1825 ca. ENGLISH POETRY 1579-1830: SPENSER AND THE TRADITION

Robert Burns

Henry Mackenzie, Anecdotes and Egotisms, 1825 ca.; ed. Thompson (1927) 151-52.



His pride; his Contempt of rank was a little affected; for he sometimes was rather more than enough flattered with the notice of great Men; yet he put on the opposite feeling and frequently had in his mouth, talking of some great Men supercilious and contemptuous of little men "They look, he would say, frequently to myself." They look, in the words of Glenalvon to Douglas, as if they said "You are no match for me." The greatest of all pride is the pride of humility.

He indulged his sarcastic humour in talking of men, particularly if he thought them proud, or disdainful of Persons of inferior rank; his Observations were always acute and forcibly expressed. I was walking with him one day, when we met a common Acquaintance not remarkable for Ability or intellectual Endowments. I observed how extremely fat he had lately grown. "Yes," said Burns, "and when you have told that you have exhausted the subject of Mr — Fatness is the only quality you can ascribe to him."

How different was the fate of Burns compared with that of a Poet in birth, in Education, and many other circumstances like him, tho I do not arrogate to him so much creative genius, Allan Ramsay. He came into notice in a Station as mean as Burns, had no advantage over him in Birth, Connexions, or any other Circumstances independent of his own genius; alas! it was the Patronage and Companionship which Burns obtained, that changed the Colour of his later life; the patronage of dissipated men of high rank, and the Companionship of clever and witty, but dissipated men of lower rank. The notice of the former flattered his vanity, and in some degree unsettled his religious faith, which however he never abandoned; and from an Anecdote to be immediately mentioned he seemed to mingle with the most amiable feelings.— but the levity of both his Patrons and his associates Dwelt on the Surface of his Mind, and prompted some of his Poetry which offended the serious, and lost him better friends than those which that poetry had acquired. — Dugald Stewart who first introduced him to me, told me latterly, that his Conduct and Manners had become so degraded that decent persons could hardly take any notice of him. I suspect my excellent friend had been deceived by exaggerated accounts of his irregularities; and certainly his genius had not sunk with his Condition, nor lost by the taint of his manners; for it appears by the Account given of him by Mr Thomson, and his last letters to that gentleman that the vigor of his fancy and power of Composition still remained "Still in his ashes lived his wonted fires."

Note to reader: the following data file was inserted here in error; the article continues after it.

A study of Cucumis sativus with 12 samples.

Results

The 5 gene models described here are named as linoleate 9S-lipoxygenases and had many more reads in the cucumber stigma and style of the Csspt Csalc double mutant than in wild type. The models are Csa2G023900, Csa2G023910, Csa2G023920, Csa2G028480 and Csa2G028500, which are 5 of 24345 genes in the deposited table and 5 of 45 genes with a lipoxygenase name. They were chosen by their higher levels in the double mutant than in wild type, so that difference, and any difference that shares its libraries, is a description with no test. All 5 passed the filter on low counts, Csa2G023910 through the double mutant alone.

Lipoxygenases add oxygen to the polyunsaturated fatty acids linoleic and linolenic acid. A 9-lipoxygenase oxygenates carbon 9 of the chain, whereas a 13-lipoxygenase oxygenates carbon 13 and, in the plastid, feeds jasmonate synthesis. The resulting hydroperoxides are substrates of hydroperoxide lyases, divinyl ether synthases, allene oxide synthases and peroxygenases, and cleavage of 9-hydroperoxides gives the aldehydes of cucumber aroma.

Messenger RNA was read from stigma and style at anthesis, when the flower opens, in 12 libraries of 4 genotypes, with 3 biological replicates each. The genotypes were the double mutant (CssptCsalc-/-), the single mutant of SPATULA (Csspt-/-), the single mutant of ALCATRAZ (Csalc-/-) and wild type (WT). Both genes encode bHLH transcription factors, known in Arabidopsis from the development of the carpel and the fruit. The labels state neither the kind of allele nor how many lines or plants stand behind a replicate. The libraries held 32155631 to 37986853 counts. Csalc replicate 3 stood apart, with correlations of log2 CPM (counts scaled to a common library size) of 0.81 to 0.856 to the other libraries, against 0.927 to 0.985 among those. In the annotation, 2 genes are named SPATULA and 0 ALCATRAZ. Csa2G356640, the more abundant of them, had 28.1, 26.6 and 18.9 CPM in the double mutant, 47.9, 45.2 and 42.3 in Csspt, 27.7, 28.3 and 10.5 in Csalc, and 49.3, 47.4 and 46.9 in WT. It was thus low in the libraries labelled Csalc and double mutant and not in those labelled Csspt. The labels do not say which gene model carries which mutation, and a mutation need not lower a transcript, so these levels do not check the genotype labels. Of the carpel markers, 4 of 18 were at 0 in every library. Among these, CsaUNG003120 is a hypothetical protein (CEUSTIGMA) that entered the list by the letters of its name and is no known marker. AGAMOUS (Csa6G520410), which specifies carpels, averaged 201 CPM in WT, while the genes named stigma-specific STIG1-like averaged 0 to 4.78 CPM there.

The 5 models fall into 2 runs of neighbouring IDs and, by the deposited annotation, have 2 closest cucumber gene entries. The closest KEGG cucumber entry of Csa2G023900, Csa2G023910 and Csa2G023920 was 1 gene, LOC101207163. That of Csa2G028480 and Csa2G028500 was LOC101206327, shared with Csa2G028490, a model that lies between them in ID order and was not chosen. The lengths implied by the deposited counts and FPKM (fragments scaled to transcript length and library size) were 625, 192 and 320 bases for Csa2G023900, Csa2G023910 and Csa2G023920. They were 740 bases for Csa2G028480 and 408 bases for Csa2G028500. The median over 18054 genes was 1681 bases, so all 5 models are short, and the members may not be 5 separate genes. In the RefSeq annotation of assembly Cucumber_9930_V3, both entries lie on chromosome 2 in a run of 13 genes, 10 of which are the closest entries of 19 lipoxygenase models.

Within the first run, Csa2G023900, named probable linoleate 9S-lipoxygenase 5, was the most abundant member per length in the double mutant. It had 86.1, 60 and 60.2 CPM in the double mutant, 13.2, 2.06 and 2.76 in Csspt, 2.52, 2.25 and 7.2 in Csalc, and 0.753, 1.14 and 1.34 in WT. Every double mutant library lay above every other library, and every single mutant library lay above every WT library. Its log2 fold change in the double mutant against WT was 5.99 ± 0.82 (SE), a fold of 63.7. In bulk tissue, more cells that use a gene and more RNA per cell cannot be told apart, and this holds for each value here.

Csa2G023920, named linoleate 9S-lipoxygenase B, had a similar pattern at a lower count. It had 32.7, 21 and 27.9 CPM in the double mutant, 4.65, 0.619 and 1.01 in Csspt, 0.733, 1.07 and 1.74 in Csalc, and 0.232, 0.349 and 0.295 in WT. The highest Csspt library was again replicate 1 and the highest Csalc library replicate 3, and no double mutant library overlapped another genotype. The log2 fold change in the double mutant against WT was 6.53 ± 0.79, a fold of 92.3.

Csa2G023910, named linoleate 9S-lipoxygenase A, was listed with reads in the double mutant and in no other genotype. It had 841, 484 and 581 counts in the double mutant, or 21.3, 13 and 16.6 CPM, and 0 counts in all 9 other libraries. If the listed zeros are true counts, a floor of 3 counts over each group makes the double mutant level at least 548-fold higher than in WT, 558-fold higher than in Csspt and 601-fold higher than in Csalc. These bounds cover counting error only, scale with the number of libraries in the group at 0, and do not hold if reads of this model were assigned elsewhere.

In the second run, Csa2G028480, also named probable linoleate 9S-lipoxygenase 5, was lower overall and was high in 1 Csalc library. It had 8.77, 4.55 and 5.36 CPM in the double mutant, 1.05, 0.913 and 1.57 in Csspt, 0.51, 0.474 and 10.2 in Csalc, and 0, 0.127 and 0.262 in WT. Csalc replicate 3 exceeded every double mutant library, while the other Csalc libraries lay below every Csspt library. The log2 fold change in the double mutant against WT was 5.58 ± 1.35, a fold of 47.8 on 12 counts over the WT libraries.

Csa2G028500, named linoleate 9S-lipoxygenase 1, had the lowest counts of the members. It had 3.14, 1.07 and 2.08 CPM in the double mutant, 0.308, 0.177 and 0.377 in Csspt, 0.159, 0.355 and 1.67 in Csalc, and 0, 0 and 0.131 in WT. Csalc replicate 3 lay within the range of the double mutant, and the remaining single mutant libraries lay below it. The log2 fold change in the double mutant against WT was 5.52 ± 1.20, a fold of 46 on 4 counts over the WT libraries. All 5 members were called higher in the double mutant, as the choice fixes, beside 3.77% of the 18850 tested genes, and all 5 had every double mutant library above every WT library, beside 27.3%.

There are in some of the loose sheets many Anecdotes of Burns; but I think it is not there mentioned, that with all his genius and invention I rather suspect he was not capable of a Composition of length, or that required Application of thought. I observed to him how much Allan Ramsay's Gentle Shepherd was a favorite with the public, and suggested his writing a pastoral Drama of the same kind. He seemed much pleased with the Idea, and promised to try such a Composition; but tho then in the full Vigor of his invention and of his power of writing poetry, he never executed that design.